Two new books arrived in the mail recently, both about eighteenth-century literature. One of them is Privacy, by Patricia Meyers Spacks, where she tracks 18th C. concerns about privacy and the relationship of privacy and the public sphere in fiction and other prose writings. This interests me, well, because I find the 18th C. fascinating, especially the novel, but specifically because it promises to tell me about changing ideas of the self and of interior life, and, being an introverted person, I’d like to know more about the history of the private world and how reading and writing feed into it. One of the major lessons of the 18th C, it seems to me, is that those things we often take for granted, an interior self, privacy, have a history. This is a very obvious point, but it’s still fun to be reminded of it in new ways.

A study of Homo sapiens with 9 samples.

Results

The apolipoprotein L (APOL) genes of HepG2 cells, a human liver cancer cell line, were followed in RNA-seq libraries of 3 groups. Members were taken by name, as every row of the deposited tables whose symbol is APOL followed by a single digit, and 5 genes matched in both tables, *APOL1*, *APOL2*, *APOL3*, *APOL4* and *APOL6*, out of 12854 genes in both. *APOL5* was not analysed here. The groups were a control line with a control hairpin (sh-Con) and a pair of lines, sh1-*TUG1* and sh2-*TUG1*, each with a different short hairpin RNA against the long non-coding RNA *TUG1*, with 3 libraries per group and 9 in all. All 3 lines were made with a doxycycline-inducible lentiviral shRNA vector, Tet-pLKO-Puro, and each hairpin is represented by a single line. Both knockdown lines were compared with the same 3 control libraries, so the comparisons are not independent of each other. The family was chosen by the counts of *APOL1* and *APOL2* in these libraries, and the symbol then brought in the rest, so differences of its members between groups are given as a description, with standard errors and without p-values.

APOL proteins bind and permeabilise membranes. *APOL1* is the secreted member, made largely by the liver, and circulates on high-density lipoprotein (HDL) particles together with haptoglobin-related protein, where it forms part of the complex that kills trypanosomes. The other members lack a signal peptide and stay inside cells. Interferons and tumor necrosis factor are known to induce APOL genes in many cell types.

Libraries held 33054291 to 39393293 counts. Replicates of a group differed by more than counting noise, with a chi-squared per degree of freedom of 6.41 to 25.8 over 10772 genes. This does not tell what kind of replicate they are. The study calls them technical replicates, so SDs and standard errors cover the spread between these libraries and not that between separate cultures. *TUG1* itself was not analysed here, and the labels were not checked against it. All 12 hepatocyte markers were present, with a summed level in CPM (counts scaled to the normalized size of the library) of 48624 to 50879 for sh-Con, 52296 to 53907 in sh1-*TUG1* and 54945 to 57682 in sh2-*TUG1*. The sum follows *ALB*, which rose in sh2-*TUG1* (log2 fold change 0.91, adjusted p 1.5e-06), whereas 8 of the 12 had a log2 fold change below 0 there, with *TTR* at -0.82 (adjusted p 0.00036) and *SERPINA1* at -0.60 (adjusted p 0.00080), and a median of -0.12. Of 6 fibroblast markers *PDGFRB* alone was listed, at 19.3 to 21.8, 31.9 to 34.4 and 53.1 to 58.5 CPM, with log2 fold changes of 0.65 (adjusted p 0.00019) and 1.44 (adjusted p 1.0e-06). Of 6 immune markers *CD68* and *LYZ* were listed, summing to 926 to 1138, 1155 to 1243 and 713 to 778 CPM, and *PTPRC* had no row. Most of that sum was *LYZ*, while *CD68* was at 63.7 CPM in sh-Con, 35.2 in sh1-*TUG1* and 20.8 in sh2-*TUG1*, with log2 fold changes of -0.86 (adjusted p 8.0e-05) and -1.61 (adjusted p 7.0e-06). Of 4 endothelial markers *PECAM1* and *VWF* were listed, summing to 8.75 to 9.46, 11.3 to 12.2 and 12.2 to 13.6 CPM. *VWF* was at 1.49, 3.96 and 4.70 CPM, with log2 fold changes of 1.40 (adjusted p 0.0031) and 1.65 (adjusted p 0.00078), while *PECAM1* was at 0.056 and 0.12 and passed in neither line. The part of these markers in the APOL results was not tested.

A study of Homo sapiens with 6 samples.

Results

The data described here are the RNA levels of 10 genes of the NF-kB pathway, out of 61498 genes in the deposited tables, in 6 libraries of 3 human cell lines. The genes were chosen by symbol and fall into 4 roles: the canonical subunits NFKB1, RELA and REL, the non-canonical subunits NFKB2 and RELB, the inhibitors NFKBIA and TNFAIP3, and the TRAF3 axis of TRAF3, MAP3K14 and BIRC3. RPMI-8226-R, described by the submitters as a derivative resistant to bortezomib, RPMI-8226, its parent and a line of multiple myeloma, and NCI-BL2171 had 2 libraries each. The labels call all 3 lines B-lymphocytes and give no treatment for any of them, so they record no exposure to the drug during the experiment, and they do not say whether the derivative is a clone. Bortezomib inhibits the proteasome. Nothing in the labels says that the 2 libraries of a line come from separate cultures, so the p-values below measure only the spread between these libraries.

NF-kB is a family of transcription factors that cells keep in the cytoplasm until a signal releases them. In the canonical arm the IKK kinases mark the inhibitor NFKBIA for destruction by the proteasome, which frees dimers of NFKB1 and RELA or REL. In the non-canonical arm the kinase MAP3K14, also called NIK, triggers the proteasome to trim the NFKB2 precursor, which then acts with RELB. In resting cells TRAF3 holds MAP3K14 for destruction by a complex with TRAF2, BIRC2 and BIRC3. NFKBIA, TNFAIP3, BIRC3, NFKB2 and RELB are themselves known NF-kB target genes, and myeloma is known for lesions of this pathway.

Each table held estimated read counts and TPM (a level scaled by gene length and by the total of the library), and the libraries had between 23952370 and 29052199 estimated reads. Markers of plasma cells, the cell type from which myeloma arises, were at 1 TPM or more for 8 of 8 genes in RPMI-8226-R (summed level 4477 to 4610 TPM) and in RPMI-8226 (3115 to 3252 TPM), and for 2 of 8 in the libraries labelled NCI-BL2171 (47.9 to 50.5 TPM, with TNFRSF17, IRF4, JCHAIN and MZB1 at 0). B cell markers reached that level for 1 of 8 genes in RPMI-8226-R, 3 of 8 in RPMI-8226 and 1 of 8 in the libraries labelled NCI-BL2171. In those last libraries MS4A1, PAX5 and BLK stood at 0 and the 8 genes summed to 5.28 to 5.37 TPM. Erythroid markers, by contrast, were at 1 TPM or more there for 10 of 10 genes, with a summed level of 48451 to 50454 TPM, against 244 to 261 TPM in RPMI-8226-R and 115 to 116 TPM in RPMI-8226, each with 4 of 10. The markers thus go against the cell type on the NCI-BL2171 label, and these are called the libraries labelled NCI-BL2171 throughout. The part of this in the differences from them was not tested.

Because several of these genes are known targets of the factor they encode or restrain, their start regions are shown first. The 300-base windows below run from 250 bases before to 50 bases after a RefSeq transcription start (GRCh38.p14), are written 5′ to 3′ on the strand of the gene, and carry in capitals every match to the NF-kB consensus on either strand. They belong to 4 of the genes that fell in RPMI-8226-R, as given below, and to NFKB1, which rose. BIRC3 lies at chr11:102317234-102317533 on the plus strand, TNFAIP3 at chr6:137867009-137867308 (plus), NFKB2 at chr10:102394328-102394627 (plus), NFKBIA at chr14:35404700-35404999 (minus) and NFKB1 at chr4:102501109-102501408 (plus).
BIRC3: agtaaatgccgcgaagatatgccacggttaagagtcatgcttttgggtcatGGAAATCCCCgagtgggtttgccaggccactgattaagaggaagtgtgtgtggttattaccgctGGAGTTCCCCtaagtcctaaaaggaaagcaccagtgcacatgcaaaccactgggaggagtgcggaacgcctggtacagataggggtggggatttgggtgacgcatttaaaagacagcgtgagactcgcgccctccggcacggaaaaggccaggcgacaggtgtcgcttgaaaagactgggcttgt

A story about Spacks: she came to a grad class I was taking quite a few years back as a guest lecturer, and the assignment was Clarissa. I’d done my best to get through the book, and had managed about 500 pages (one third). We were in class, and Spacks told us to open to a particular passage, and, in a moment of silence, a friend of mine opened her book and the spine loudly cracked. We all looked around nervously, hoping Spacks (and my professor) hadn’t heard that sound that made it very clear my friend hadn’t even begun the reading. But, honestly, who can read Clarissa in the middle of a busy semester? I was only able to finish the book over the following winter break.
I also ordered William Warner’s book Licensing Entertainment, a book on the history of the novel and its relationship with other popular prose genres of the late 17th and early 18th centuries. This is a book I should have read in grad school, although I didn’t.
I think I did, however, write about it in my comprehensive exams. I wonder if what I wrote made any sense whatsoever?
I do, generally, do my homework; it just takes me a few years sometimes.